By literally running while running for office, Barbara Howe may have the race for best hook of North Carolina’s political season sewn up.
The Libertarian candidate for governor has jogged in 5-kilometer increments through more than 90 of North Carolina’s 100 counties as part of her campaign since kicking it off in May.
The 59-year-old Oxford resident often contacts local media or stops by a diner or visitors’ center to connect with voters. There, she shares her party’s philosophy of a limited government that stays out of people’s business.
“You can learn a lot by just listening,” Howe said. “Almost all people want the same thing. They want to live their lives, they want to be able to provide for their families, they want to be able to educate their children, they want to enjoy their free time, and they don’t want a lot of meddlesome rules and regulations telling them what to do.”
She’s run around the political block a few times, too. In her fourth bid for statewide office, Howe understands her lack of campaign funds compared with Democratic nominee Walter Dalton and Republican Pat McCrory. She’s irritated about being left out of live television debates, so the public doesn’t have as much familiarity with her and her party.
It means Howe and other Libertarians are focused upon her getting at least 2 percent of the vote. The threshold is critical: Without it or a strong showing by Libertarian presidential candidate Gary Johnson, state election officials will have to decertify the party. That means having to collect 100,000 signatures of registered voters by 2016 to return to the ballot – an expensive endeavor.
Howe knows there’s pressure on her.
“There are several measures of victory. First is to be the next governor, but secondly would be to ensure that the Libertarian Party (officially) continues to exist,” Howe said.
Howe is a Libertarian Party veteran and former chairwoman who has survived the challenges of meeting some of the strictest ballot access laws in the country. Things improved for third parties when the Legislature approved a 2006 law lowering the election threshold from 10 percent of the vote to 2 percent to remain an official party.
Duke University professor Mike Munger ran in 2008 and tallied almost 3 percent of the vote, giving the Libertarians some breathing room to raise their voter registration to a record of more than 17,000. Munger didn’t run in 2012 because of health issues. That opened the door again to Howe, who was Munger’s campaign manager four years ago and ran for governor herself in 2000 and 2004.
Munger said Howe’s candidacy is in some ways a deserved reward for years of hard work building the party. She’s been a common sight for years in legislative committees and at party booths at the State Fair and other public events.
“She’s really the architect of the growth of the party in North Carolina,” Munger said.
Howe’s views on state government reflect the party’s viewpoints that combine fiscal conservatism and social liberalism. The Democrats “approve of government involvement in business and education and all sorts of things,” Howe said, while the Republicans “want to be involved in people’s bedrooms” and how children should be educated.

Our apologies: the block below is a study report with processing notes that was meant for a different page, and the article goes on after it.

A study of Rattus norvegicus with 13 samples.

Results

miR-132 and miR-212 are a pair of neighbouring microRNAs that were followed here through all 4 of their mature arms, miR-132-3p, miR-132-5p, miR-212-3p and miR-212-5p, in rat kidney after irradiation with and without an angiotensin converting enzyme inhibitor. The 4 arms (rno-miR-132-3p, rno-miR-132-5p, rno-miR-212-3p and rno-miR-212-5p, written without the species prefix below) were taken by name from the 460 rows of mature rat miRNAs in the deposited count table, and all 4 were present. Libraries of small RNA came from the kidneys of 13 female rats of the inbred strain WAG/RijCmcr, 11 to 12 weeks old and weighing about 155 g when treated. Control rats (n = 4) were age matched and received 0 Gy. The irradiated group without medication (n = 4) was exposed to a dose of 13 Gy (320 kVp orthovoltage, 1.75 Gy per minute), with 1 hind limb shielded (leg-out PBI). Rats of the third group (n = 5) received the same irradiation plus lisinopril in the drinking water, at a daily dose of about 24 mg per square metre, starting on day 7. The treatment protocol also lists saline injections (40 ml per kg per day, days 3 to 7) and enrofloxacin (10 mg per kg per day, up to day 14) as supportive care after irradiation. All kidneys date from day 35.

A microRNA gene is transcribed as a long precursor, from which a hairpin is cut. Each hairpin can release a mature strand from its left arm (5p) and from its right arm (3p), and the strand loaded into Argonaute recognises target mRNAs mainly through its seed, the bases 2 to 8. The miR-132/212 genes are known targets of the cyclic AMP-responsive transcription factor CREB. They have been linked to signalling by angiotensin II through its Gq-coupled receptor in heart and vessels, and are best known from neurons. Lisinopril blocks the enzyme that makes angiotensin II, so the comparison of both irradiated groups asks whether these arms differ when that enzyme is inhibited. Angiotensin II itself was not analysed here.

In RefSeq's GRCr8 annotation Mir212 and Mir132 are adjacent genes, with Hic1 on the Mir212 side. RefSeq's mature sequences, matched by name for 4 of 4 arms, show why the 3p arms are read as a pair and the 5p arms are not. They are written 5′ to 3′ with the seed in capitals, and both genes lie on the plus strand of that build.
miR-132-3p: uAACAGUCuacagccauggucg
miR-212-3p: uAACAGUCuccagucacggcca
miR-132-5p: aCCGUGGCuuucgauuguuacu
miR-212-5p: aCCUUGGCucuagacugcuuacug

Howe envisions state government scaling back to the core functions of protecting people – law enforcement, a strong court system and a highway agency with projects paid by road user fees. Taxes can then be lowered significantly, she said.
On public education, Howe ultimately would like to give tuition tax credits so parents can choose to send children to private schools, home schools or government schools.
Howe opposed the constitutional amendment prohibiting gay marriage and said government shouldn’t be involved in marriage. She and her husband, Tom, shredded their marriage license in front of the Legislative Building weeks after the May referendum.
Howe also opposes the death penalty and if elected would commute the sentences of everyone on death row to life in prison. She also would pardon many nonviolent drug offenders.
Any Libertarian governor likely would have to work with a General Assembly that is overwhelmingly comprised of members of the two major parties and weigh whether to sign legislation. She said she would evaluate whether a bill on balance is promoting Libertarian principles before deciding on a veto. Those who know Howe say she’s got a way of uniting those with differing opinions.
“She has a very sort of soothing personality,” Libertarian activist Susan Hogarth of Raleigh said, adding that Howe “has been able to step in a lot of instances and get people working together.”
Howe said her campaign is reaching out to supporters of former Republican presidential candidate Ron Paul and college students for votes. The campaign is planning to release Internet ads but getting them on TV is an expensive proposition.
As Howe nears the close of her two runs – she plans her 100th campaign 5K the Sunday before Election Day in front of the Executive Mansion – she remains optimistic of reaching her goals.
“I’m certainly the long shot,” she said, but “we don’t have to win an election to influence public policy.”